The president of the Louisville Urban League, Sadiqa Reynolds, has resigned from a controversial board managing the creation of a TIF district in the West End, and she has a message for the remaining members on her way out: protect residents.
“It is imperative that the WEOP [West End Opportunity Partnership] Board take the time to understand the potential unintended consequences with this initiative and to center the real concerns of residents, especially renters, in this planning,” she said in a written statement.
The board’s interim chair, Metro Council member David James, told LEO that Reynolds resigned because her appointment was in conflict with her position on the Federal Reserve Bank of St. Louis’s Louisville board. But, it appears that Reynolds also has concerns of her own about the West End Opportunity Partnership.
“We must keep in mind that there is no model we can point to around the country where Black and Brown communities have been invested in and residents have not been displaced,” Reynolds said. “There are many people on this Board who are aware of these realities and sincere in their desire to work to create something new and genuinely meaningful for West End residents. We urge interim Chair, Council President David James, to lead this Partnership in a way that is responsive to residents — giving residents time to speak, and moreover, hearing what they. Have to say and substantively incorporating their feedback into the planning and proceedings.”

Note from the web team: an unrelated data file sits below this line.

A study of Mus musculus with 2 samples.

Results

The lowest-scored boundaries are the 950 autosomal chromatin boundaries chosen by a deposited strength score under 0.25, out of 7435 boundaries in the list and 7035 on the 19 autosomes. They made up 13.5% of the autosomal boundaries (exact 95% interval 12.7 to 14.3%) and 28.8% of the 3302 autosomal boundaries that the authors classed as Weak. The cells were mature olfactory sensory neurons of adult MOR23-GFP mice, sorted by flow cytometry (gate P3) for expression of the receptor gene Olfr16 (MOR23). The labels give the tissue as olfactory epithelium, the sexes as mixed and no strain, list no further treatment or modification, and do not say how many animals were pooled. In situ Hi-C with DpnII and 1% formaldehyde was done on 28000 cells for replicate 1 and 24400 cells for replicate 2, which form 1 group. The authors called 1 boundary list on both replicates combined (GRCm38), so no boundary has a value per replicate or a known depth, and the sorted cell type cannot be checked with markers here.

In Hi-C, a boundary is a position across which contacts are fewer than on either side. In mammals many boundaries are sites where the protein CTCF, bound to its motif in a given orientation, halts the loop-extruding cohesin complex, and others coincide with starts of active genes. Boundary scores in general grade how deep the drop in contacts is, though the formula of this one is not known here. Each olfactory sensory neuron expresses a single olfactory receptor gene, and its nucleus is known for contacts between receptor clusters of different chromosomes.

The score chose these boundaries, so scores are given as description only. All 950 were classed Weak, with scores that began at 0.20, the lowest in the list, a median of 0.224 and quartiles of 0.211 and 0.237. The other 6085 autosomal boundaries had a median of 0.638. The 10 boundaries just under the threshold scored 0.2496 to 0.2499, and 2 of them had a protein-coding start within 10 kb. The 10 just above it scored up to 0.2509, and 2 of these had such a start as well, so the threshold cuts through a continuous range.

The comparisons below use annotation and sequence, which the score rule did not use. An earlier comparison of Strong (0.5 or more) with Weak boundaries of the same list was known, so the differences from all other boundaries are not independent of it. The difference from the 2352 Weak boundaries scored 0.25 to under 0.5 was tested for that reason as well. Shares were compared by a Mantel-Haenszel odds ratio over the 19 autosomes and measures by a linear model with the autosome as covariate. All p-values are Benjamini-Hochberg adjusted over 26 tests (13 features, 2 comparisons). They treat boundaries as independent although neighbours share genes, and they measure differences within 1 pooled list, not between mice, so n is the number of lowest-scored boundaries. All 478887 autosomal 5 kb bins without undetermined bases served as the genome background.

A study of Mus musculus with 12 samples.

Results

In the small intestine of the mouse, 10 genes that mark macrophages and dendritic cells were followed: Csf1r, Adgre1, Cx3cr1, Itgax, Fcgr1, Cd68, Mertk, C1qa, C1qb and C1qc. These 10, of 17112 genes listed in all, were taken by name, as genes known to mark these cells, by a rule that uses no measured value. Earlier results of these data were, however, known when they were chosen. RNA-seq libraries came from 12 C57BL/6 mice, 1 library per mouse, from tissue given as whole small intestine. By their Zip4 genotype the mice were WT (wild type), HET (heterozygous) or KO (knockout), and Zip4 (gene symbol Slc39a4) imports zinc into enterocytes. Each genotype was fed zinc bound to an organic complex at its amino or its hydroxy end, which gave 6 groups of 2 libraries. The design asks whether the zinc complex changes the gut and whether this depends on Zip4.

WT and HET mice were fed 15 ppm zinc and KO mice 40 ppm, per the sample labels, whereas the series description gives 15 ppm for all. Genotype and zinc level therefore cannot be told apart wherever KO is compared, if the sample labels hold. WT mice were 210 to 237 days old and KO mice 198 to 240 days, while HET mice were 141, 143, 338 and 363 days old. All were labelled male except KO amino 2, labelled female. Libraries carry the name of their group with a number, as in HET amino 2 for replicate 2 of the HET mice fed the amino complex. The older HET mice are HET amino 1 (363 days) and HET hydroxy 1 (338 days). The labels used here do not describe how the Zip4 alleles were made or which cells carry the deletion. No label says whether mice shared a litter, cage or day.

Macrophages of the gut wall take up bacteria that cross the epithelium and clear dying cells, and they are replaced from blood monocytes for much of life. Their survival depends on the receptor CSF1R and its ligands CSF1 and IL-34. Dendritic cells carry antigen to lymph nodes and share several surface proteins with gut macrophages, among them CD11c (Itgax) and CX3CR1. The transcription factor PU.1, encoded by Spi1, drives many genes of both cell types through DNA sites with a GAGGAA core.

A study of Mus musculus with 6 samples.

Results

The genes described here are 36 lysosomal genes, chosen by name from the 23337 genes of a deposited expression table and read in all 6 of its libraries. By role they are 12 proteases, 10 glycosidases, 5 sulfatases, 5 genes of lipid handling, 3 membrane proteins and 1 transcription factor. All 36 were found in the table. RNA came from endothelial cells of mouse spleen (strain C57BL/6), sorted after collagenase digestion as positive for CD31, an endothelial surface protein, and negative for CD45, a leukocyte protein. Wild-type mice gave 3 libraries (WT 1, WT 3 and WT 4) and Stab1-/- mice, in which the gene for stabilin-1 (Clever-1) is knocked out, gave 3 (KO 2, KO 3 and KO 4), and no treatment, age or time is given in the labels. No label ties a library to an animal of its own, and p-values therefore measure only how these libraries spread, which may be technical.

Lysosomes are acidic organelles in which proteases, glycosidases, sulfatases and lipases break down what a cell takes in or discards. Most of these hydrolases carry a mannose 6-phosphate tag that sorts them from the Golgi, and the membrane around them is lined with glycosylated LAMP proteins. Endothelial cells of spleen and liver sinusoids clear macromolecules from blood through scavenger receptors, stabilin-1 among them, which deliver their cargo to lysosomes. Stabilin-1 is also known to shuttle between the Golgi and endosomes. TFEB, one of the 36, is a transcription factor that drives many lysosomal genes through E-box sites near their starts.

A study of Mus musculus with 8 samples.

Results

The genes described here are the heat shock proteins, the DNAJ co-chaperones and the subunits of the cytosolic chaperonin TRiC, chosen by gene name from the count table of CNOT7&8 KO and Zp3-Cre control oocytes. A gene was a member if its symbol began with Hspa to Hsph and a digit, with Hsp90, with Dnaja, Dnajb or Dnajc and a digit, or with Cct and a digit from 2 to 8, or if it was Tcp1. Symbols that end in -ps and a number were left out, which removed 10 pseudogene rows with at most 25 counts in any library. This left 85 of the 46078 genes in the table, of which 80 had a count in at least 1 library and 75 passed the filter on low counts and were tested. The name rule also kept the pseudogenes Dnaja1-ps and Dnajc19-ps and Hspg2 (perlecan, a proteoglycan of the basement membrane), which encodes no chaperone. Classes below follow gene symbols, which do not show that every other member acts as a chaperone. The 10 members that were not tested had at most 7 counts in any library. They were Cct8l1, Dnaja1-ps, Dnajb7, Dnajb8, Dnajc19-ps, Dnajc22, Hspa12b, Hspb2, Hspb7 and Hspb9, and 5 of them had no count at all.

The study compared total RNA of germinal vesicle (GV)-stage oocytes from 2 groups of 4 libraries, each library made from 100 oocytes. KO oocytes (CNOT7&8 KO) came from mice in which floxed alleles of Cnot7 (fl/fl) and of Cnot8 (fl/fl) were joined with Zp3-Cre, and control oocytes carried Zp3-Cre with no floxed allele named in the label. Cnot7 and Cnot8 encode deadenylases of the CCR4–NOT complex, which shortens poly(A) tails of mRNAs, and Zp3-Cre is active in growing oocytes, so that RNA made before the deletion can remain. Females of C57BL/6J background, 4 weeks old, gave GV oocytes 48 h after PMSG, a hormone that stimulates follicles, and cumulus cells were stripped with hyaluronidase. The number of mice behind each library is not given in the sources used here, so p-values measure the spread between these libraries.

A group of West End residents and their allies are opposing the board and the planned TIF district out of concerns that future economic development will result in displacement of residents and because they’d rather see money invested in schools and affordable housing.
The group, under the Historically Black Neighborhood Assembly cheered Reynolds’ resignation and that of her Louisville Urban League colleague Christina Shadle, claiming it was a sign that it is “winning the fight to #StoptheTIF.”
The Louisville Urban League will still be involved in the board, because Reynolds said, “the fundamental concern for each of us and the Louisville Urban League continues to be around support and protections for residents of the West End, 75% of whom are renters.” Reynolds is asking Gov. Beshear to appoint Celine Mutuyemariya — a policy advisor to the Urban League on eviction prevention, houselessness and housing policy — as LUL’s representative.
A TIF district encourages economic development projects by funneling tax dollars to them. The tax money is captured as property values go up in an area. In the West End TIF’s case, 80% of any property value growth will go to such projects over the next 20 years. There is a plan in place to protect West End homeowners by freezing the amount they’ll have to pay in property taxes for that time period. But, opponents still worry that rents could go up in the area.
This Historically Black Neighborhood Association says it plans to host a panel soon, breaking “down the West End TIF and how it will impact residents and the city.” A date has yet to be announced.